A Lovejoy actor who is standing for election as a Labour councillor in May has been accused of peddling anti-Semitic conspiracy theories.
Chris Jury, 62, who played Eric in the legendary Eighties series as well as appearing in Doctor Who and Grange Hill, is running for a position on Stratford-On-Avon council.
But MailOnline can reveal that he has been expressing provocative views on his blog that have been widely slammed as anti-Semitic.
In a post published in March, Mr Jury wrote: ‘My disgust at the cynical abuse of the memory of the 6 million by the right-wing of the Labour Party, aided and abetted by the Israeli Embassy, grows daily.’
In another post, he added: ’70 years after the defeat of the Nazis their racist, colonial, Eurocentric, moral degeneracy is still playing out in the Middle-East.’
And in a tweet, the actor said that British politics was being ‘subverted’ and anti-Semitism was being ‘weaponised by the Right of the Labour party.’
Left to right: Chris Jury, Diane Parish, Ian Mcshane and Dudley Sutton in Lovejoy
After ending his career in television, Chris Jury drifted into screenwriting before taking a job at Bath Spa university
Chris Jury’s tweet suggesting that anti-Semitism is being ‘weaponised’ by the Labour Right
Chris Jury, right, and Ian McShane, left, in a classic scene from the legendary series Lovejoy
Chris Jury, left, and Dudley Sutton, right, pose while filming an episode of Lovejoy
When contacted by MailOnline, Mr Jury stood by his comments. In a lengthy statement, he said:
‘If the Israeli Embassy has played such a role, it is also perfectly legitimate to point that out as it may partly explain how and why this issue has come to such prominence since Corbyn was elected.’
He added: ‘I do not oppose Israel or a Jewish state of Israel, I simply support the Palestinian cause. I believe that just as the Jewish people are entitled to live at peace in their traditional homeland so are the Palestinians.’
Jason Fojtik, a former Labour councillor, resigned over anti-Semitism and was shocked to hear that Chris Jury was a candidate
But Jason Fojtik, a former Labour councillor in the same district who resigned in protest against anti-Semitism last week, said he was ‘shocked and horrified’ that Mr Jury had been put forward for election.
‘Labour is not doing the proper checks on people,’ he said. ‘The party has known about his views for years.
‘I’m glad I resigned because this vindicates what I’ve been saying. I’m sure I’ll get some criticism for saying this but people need to hear the truth. It’s quite important.’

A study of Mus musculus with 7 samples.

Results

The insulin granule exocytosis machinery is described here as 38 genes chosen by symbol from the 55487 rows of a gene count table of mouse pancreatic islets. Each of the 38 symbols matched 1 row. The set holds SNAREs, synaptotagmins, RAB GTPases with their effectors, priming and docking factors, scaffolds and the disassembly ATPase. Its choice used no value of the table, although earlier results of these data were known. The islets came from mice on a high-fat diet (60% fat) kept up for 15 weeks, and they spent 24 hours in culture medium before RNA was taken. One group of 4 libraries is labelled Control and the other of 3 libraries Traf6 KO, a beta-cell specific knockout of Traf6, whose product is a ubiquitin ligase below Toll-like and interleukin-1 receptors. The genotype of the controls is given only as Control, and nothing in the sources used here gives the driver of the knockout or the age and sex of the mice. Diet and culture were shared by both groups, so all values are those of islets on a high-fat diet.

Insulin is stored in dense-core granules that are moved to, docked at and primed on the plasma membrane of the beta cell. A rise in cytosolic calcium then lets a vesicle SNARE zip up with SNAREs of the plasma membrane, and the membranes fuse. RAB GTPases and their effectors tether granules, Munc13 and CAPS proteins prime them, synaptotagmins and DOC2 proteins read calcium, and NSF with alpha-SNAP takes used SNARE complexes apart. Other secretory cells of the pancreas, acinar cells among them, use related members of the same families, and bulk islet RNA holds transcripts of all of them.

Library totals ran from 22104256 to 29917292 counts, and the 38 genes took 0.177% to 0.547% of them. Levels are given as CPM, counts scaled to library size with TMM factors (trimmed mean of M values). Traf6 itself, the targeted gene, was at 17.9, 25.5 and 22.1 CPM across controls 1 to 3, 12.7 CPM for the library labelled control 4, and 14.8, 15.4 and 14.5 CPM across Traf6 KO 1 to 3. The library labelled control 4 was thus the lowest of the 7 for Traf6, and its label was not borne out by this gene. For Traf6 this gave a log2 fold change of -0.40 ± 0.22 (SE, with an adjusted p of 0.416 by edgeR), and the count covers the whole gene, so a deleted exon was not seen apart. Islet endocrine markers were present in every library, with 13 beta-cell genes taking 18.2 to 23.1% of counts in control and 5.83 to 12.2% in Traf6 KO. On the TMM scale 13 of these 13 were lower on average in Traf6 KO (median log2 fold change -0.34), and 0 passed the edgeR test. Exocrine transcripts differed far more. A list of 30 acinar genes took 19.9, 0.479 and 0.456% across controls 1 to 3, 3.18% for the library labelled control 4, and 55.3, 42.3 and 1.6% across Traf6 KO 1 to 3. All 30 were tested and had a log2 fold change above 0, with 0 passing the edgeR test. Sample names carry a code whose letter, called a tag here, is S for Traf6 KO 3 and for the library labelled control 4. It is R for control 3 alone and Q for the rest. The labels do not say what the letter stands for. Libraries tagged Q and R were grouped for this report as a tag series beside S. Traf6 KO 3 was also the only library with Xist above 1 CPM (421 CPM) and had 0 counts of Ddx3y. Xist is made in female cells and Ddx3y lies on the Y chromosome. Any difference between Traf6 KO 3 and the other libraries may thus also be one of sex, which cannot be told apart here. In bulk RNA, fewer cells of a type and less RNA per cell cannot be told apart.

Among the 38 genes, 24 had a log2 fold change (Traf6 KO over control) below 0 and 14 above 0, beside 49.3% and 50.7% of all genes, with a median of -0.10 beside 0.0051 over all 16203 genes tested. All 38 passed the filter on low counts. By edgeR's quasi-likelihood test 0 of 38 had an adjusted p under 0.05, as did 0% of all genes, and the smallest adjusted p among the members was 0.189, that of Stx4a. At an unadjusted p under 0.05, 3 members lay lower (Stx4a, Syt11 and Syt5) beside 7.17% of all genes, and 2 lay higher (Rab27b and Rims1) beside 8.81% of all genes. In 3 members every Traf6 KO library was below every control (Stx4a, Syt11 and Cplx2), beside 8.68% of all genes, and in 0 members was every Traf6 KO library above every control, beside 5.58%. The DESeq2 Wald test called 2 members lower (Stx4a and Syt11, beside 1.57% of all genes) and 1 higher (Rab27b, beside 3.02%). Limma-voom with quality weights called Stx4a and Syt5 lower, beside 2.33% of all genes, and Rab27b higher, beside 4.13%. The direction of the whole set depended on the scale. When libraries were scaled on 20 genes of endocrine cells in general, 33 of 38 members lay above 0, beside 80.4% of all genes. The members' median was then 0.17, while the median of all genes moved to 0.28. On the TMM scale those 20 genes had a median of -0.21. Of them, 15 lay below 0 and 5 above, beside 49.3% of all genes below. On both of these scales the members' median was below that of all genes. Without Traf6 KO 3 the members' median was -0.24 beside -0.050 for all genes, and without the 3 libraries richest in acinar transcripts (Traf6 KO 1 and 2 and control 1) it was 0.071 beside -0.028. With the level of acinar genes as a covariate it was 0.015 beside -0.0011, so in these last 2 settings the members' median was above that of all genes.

Mr Fojtik, who is not Jewish, is descended from Czechoslovakian refugees who came to Britain to flee Nazism. ‘Chris Jury is not somebody I would care to share a room with,’ he added.
‘I resigned from the Labour party because anti-Semitism is getting worse, not better. It is a tacit endorsement of anti-Semitism in the local Labour party that they selected him as a candidate.’
Euan Philipps, spokesperson for Labour Against Antisemitism, said: ‘Chris Jury has built a political career on the promotion of anti-Semitic conspiracy theories in keeping with Moseley’s Blackshirts of the 1930s.
‘His poisonous attitudes have no place in British society and should have no place in any respectable political party. He needs to be thrown out of Labour.’
Chris Jury poses while filming the 1997 programme Noah’s Ark for ITV. He also appeared in Grange Hill
Chris Jury was popular on television in the Eighties and Nineties before entering politics
Chris Jury, left, Warren Mitchell, centre, and Ian McShane, right, pose on the set of Lovejoy
Born in Coventry, Mr Jury’s popularity on Lovejoy made him a contender to play the seventh doctor in Doctor Who in 1987, a role that eventually went to Sylvester McCoy. But he was a guest star on the programme in 1988.
Since ending his career as a television actor, he went on to direct Coronation Street and 40 episodes of Eastenders.
He worked for Bath Spa university but has now retired, while burnishing his Leftwing political credentials on his blog.
Mr Jury said: ‘I was a teenager in the 1970s when I first learned of the genocidal consequences of anti-Semitism in Nazi Germany and it had a profound effect on my political beliefs and has motivated me to fight against the abuse of power and for human rights all my life.
‘Historically the Labour Party was and is a proud supporter of the formation of the Jewish state of Israel and the fight against racism of all kinds is at the core of Labour Party values.
‘The Labour Party has 500,000 members and I know only a few hundred of them so I obviously cannot claim that there are literally no anti-Semites in the Labour Party, only that I have never seen any substantive evidence that it is a particularly prevalent problem in the Labour Party and certainly not a problem on a scale that could warrant the sustained level of attack on the party over the three years since Jeremy Corbyn was elected leader.
‘As to Israel I believe that just as Israeli Jews are entitled to live at peace in their traditional homeland so are the Palestinians.’